Embark on an Asian food adventure at these Kopitiam outlets
Feeling cooped up at home in Singapore and daydreaming about your next food adventure?
Fret not because you can enjoy an Asian gastronomical trip right in your backyard and uncover authentic Asian cuisine across Kopitiam outlets, even if you cannot physically travel overseas.
So do not wait any longer to explore with Koptiam through your taste buds, and go behind the scenes and learn about the story and culture of each dish.
In the meantime, catch the Eat Out! video series on Kopitiam and Foodfare's social pages - instagram.com/kopitiamfoodfare and facebook.com/KopitiamFoodfare
Stall 15, Kopitiam@Northpoint City
Dish: Handmade Burger Xi'An
The flatbread for this traditional dish from Xi'an, China, is made of bread flour and fermented for two hours.
And the key to the tasty meat is the seasoning used in the master stock that is made with more than 20 spices.
Boiling it continuously over time also ensures its freshness and helps achieve a flavourful and tender braised meat with a glistering coat.
HENG HWA HOMETOWN CUISINE
Stall 9, Kopitiam@Tampines Mall
Dish: Heng Hwa Hometown Beehoon
To the Putian people, Xing Hua Fried Bee Hoon is considered a signature home-cooked dish, featuring a type of bee hoon unique to their home town.
The most important thing for the fried bee hoon is to fry the pork belly with it.
The fried pork will then be used for the pork broth, which will be added in the wok to simmer with the bee hoon to bring out the flavour of each ingredient.
FRAGRANT HOT POT
Stall 14, Kopitiam@Tiong Bahru Plaza
Dish: Sichuan Grilled Fish
In 2001, the owner travelled to Sichuan, China, and was determined to bring the mala flavour and Sichuan grilled fish to Singapore.
The base of the dish is made up of homemade Sichuan bean paste and topped with more than 10 herbs and spices such as star anise, peppercorn and orange peel.
Stall 2, KopiTech@Paya Lebar Quarter
Customers can customise their very own bibimbap, served in a piping hot stone bowl.
Choose your preferred staple (white or brown rice), and select from a wide array of traditional/fusion Korean ingredients.
Stall 5, Cantine@Jurong Point
Dish: Fresh Kimchi
The stall's Korean owner, who used to be head chef at a well-known Korean restaurant, decided to come up with halal Korean recipes.
Its kimchi is freshly made at the stall and served as a side dish or used in kimchi stew and kimchi fried rice.
The entire kimchi production process takes five to six hours, and another five to six days for fermentation.
JAPANESE & KOREAN CUISINE
Stall 73, Kopitiam@Lau Pa Sat
Dish: Army Stew
This hearty meal that Korean soldiers love and the stall owner grew to love as well was inspired by his travels in South Korea when he was studying there.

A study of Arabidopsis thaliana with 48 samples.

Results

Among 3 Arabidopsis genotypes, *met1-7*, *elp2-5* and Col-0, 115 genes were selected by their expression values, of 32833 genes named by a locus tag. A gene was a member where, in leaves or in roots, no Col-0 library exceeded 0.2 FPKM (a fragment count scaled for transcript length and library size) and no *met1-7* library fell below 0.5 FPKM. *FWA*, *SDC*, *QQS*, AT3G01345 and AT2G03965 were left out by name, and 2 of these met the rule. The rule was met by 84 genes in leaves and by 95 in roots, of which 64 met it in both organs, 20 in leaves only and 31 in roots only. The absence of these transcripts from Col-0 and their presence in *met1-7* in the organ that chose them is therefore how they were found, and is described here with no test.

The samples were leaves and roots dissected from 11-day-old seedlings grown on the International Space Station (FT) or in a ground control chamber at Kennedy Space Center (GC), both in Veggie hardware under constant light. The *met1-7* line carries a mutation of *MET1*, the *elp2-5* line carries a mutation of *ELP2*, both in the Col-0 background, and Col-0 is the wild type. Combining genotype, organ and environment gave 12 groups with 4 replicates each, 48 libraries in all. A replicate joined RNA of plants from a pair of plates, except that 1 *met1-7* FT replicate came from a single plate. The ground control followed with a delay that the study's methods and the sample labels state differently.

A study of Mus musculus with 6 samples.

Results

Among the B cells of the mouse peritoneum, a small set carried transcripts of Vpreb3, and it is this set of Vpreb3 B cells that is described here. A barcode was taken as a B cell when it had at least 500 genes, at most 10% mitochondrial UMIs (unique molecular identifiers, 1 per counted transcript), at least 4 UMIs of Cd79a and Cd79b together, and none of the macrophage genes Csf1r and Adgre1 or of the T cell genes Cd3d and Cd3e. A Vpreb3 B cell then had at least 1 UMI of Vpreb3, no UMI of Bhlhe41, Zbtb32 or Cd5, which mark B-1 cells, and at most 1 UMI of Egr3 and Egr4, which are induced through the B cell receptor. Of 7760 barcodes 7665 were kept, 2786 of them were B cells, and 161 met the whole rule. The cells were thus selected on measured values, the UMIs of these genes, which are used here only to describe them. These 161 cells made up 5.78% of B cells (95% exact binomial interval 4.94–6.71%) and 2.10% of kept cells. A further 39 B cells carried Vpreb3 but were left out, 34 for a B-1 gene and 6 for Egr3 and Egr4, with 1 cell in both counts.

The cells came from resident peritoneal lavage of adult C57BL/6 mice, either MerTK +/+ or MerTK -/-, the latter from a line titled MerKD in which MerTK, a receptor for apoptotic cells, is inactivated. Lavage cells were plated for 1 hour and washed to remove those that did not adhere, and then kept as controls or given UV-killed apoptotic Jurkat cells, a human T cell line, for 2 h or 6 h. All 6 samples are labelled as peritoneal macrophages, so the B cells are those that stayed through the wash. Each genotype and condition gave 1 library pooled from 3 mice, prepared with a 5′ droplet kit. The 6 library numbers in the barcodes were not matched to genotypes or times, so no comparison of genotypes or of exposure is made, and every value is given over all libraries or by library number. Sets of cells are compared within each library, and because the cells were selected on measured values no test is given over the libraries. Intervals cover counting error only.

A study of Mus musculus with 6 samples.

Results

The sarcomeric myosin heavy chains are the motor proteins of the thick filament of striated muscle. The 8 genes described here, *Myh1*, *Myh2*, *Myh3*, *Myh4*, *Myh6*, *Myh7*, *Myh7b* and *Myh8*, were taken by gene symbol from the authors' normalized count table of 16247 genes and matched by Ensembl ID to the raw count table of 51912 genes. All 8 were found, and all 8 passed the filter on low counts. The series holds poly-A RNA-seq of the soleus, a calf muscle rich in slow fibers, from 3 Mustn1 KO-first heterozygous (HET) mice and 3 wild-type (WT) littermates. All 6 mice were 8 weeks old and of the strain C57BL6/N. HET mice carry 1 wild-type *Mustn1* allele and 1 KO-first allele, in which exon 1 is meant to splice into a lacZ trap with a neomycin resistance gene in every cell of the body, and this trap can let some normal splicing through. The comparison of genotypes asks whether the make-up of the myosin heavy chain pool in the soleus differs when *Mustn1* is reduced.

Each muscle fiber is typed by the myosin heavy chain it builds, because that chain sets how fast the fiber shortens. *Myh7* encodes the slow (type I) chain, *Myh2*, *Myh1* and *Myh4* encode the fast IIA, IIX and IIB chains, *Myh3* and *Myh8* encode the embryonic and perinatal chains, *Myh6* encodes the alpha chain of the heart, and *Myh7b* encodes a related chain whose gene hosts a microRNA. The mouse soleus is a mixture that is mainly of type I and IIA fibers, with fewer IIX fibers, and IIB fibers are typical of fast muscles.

He returned to Singapore to work solely in Korean food and beverage and went on to amass 20 years of experience.
This Army Stew is filled with kimchi, luncheon meat, ham sausage, rice cake, enoki mushroom, tofu, chicken and other ingredients.
The kimchi has a sweet and sour flavour, which is preferred by most customers. Garlic is used to flavour the chicken and meat, while soya sauce and chilli flakes make the soup more flavourful.
Stall 3, Foodfare@Clifford Centre
Dish: Oyako Don
The owner decided to open his halal-certified stall in the Central Business District because he wanted to bring affordable Japanese cuisine to office workers.
The Oyako Don is prepared with chicken, soy sauce and Japanese rice, plus a special homemade sauce that is drizzled onto the dish prior to serving.
Stall 46, Kopitiam@Kopitiam Square
Dish: Beef Pepper Rice
With all dishes served on an iron plate, Mr Teppanyaki is a quick casual dining concept inspired by Japanese cuisine culture.
Every mouthful of the fresh, juicy meat coupled with vegetables and white pearl rice will entice you to return for more.
Stall 10, Kopitiam@Plaza Singapura
Dish: Omurice, Japan Salmon & Yakiniku Bento
The brainchild of owner-chef Lee has a menu that showcases a variety of beloved dishes like omurice, ramen and more. Other favourites include the simple yet flavourful Hotplate Saba with Teriyaki Sauce, while the stall's speciality - Japan Salmon & Yakiniku Bento - is served with a homemade teriyaki sauce that has been passed down from a Japanese master in Kyushu.
Stall 72, Kopitiam@Lau Pa Sat
Dish: Lechon Kawali
The owner is a Filipino who has been living in Singapore for a long time, and his crispy deep-fried pork dish - which takes 24 hours to prepare - is different from the usual Chinese sio bak because it is a lot drier and crispier, and is usually cooked with pork belly or liempo.
Salt is used to dry out the pork, topped with herbs and spices, and a special sweet sauce to serve.
Stall 5, Kopitiam@Hillion Mall
Dish: Chicken BBQ with rice
This dish is the creation of Ms Emee, a Filipino-Muslim from Mindanao, a quaint island in the southern Philippines.
To ensure that the meat is succulent, she grills and marinates the chicken for a day.
To complete the meal, choose from the traditional Filipino sour sauce or the spicy sauce, which is the popular option among many locals.
Stall 4, Kopitiam@Jurong East MRT
Dish: Bulalo (Beef Bone Marrow)
On weekends, the stall is fully patronised by Filipinos who come all the way from Pasir Ris just to enjoy the dish, which requires three hours of boiling and uses a secret recipe of seven spices and herbs from Manila to create the perfect broth.